Kimberly's Reviews > Syndrome E

Syndrome E by Franck Thilliez

really liked it
bookshelves: favorites
Recommended to Kimberly by: goodreads giveaway
Recommended for: fans of thrillers, police procedurals and film buffs
Read from July 22 to 25, 2012

Actually 4 1/2 stars.

This review is based on reading an advance uncorrected proof of this book that I received through a giveaway here on Goodreads.

"With this taut U.S. debut, Thilliez explores the origins of violence through radical science in a breakneck and erotically charged thriller rich with shocking plot twists and profound questions about the nature of humanity." - from the book description on back cover.

That's a fair summary of this story that grabbed me from the get-go. Once I started this book I was loathe to put it down and I can honestly say that if my copy had been an e-book, I would have finished it in less than 24 hours.

The premise is incredibly scary because you realize while reading it, just how vulnerable we've let ourselves become by coming home at the end of a stressful day to relax in front of our television sets, allowing ourselves to be lulled into a state of numbness, allowing who knows what kind of subliminal images into our brains to influence how we spend our money (it's called neuromarketing and corporations are using it all the time to get us to buy their products). What's really scary is that these subliminal images could be used to influence other behaviors - think civil rights and liberties, or who we vote into political office.

The two main characters, Franck Sharko and Lucie Hennebelle- detectives that start out working on very different separate cases that quickly turn out to be linked - are intelligent, likable and flawed. Franck Sharko is a paranoid schizophrenic, and I find it hard to believe that any police force would employ him. Also, I'm not entirely buying the cause of his schizophrenia, but I'm not a psychiatrist... Since his hallucinations don't distract from the story too much, I decided to let it go. And who knows, maybe his mental illness actually helps him do his job as a detective/profiler better than someone who's not mentally ill. (This is not meant to be a jab at the mentally ill, so please hold your comments and e-mails.)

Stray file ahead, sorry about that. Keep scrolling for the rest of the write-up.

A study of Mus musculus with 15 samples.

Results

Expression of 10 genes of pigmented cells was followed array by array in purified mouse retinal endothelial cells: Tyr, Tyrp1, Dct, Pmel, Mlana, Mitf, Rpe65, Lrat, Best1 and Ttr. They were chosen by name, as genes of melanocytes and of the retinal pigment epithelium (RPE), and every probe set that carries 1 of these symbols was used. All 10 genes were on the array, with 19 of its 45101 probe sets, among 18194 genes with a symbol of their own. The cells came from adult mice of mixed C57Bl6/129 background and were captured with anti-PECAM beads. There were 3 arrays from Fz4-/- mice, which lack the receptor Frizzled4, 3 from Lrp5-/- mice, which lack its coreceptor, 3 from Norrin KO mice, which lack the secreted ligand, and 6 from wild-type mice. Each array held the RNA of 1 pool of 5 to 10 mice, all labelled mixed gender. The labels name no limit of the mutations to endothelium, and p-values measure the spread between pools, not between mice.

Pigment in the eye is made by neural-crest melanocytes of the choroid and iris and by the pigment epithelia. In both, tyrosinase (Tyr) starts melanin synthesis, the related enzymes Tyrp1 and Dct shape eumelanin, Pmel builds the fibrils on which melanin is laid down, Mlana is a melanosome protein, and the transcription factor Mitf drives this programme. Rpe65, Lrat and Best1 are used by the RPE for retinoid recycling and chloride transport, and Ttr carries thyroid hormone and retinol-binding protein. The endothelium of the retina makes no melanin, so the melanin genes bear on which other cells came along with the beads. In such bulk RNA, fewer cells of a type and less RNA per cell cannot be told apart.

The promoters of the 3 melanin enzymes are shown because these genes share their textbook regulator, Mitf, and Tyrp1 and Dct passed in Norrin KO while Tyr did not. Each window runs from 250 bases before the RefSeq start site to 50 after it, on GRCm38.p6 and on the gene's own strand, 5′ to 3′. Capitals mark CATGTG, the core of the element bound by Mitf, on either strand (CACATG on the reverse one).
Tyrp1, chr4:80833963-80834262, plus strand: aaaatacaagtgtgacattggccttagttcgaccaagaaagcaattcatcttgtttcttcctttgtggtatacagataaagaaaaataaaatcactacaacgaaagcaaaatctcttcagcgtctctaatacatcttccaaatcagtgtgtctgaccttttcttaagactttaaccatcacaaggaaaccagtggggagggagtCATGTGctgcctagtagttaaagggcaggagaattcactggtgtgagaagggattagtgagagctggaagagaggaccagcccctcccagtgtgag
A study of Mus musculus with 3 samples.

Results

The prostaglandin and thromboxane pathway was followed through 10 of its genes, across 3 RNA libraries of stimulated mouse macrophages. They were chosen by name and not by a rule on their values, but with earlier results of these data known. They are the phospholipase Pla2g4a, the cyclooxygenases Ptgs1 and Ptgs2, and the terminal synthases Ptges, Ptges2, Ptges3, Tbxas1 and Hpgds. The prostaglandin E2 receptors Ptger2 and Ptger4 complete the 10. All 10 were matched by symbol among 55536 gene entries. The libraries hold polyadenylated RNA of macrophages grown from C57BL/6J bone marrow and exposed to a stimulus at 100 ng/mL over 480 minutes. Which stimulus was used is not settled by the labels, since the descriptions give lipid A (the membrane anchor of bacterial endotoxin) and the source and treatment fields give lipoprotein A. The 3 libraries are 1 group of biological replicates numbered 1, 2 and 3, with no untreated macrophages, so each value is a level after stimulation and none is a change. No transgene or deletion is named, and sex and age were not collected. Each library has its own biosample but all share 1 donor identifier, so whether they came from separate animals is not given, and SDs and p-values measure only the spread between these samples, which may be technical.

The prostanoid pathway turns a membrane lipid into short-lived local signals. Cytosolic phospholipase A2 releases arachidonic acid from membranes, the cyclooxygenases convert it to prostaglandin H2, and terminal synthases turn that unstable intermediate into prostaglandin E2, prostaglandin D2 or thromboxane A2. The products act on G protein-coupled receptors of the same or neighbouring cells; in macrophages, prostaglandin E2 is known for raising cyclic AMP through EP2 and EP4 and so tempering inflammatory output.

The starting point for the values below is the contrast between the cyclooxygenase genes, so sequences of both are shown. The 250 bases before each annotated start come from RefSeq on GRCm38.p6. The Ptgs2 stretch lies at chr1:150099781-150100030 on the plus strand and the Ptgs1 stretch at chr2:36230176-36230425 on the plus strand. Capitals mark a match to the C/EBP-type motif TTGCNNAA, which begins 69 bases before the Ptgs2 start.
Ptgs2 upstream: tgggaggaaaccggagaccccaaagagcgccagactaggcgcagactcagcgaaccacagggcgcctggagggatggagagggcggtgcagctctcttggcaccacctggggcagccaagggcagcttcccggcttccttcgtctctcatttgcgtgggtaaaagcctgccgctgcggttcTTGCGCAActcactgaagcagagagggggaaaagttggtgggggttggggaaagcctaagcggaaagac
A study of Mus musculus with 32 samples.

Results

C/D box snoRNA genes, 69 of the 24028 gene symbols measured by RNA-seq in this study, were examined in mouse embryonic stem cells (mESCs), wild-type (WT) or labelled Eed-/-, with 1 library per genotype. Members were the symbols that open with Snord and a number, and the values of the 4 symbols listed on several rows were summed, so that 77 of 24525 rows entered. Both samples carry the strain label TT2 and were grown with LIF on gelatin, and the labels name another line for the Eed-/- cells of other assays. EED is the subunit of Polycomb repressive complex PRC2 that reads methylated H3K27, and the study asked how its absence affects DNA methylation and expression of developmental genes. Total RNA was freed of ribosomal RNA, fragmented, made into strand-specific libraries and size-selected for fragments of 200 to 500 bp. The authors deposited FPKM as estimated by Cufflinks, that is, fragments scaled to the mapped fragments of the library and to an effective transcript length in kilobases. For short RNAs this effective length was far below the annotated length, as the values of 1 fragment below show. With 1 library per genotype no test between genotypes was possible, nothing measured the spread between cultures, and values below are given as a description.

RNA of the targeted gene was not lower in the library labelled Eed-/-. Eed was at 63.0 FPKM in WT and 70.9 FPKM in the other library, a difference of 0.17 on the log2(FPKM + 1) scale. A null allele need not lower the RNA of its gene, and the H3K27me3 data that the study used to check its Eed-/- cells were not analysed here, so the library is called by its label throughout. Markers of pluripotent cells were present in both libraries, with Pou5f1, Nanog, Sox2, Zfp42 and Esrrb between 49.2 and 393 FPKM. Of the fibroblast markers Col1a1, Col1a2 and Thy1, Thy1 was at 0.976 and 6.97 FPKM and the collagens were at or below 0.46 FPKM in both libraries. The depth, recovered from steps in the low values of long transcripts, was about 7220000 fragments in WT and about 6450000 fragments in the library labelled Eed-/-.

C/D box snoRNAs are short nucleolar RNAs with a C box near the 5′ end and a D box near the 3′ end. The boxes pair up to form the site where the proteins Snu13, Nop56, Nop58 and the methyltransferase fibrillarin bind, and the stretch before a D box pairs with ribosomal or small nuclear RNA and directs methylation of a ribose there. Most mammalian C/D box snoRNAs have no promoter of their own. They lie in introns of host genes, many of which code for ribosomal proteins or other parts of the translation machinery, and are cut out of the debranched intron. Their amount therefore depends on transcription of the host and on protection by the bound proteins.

The author/translator did an excellent job with the story, especially describing the places that the characters find themselves. Sharko finds himself following a lead in Cairo, Egypt and I don't know who truly deserves the credit, but they so effectively described the area, that I can confidently cross it off my "Places to See Before I Die" list. The crowds, smells, sand and oppressive heat were palpable; and this section of the book almost comes off as a love letter to Cairo and all of it's beautiful dirtiness (or dirty beautiful-ness).

The short film that causes most of the trouble is also incredibly interesting as are the lessons that we learn about it and the techniques used to make it. The characters that educate the detectives come off as real people who do what they love and love what they do. Like a good teacher, they make the subject interesting. As does the professor they visit in Belgium to learn more about the film, subliminal images, neuromarketing and how they can be used to influence us.

The book is written in a way that as the story unfolds, you figure out what's going on at pretty much the same time as the detectives or maybe just a bit ahead of them. This makes it a bit predictable, but not in a bad way. I'd rather figure it out as I go along either with or even a bit before the characters, than have the mystery make no sense throughout the story(and sometimes even at the end). The ending is bit of a let down for me(and the reason I'm giving this book 4 1/2 stars instead of 5), only because of the predictability of the story and I honestly don't think that the author could have improved upon it by much.

I highly recommend that you rush to get this book when it comes out (the back of book says "on sale August 20, 2012) and get ready to settle in for an exciting, continent-crossing, thought-provoking extremely dark thriller!


p.s. - note to viking publishing and the editor of this book - great job! I found fewer typos in this advance uncorrected proof than I usually find in recently "corrected" published books (only 4 or 5 in the entire book).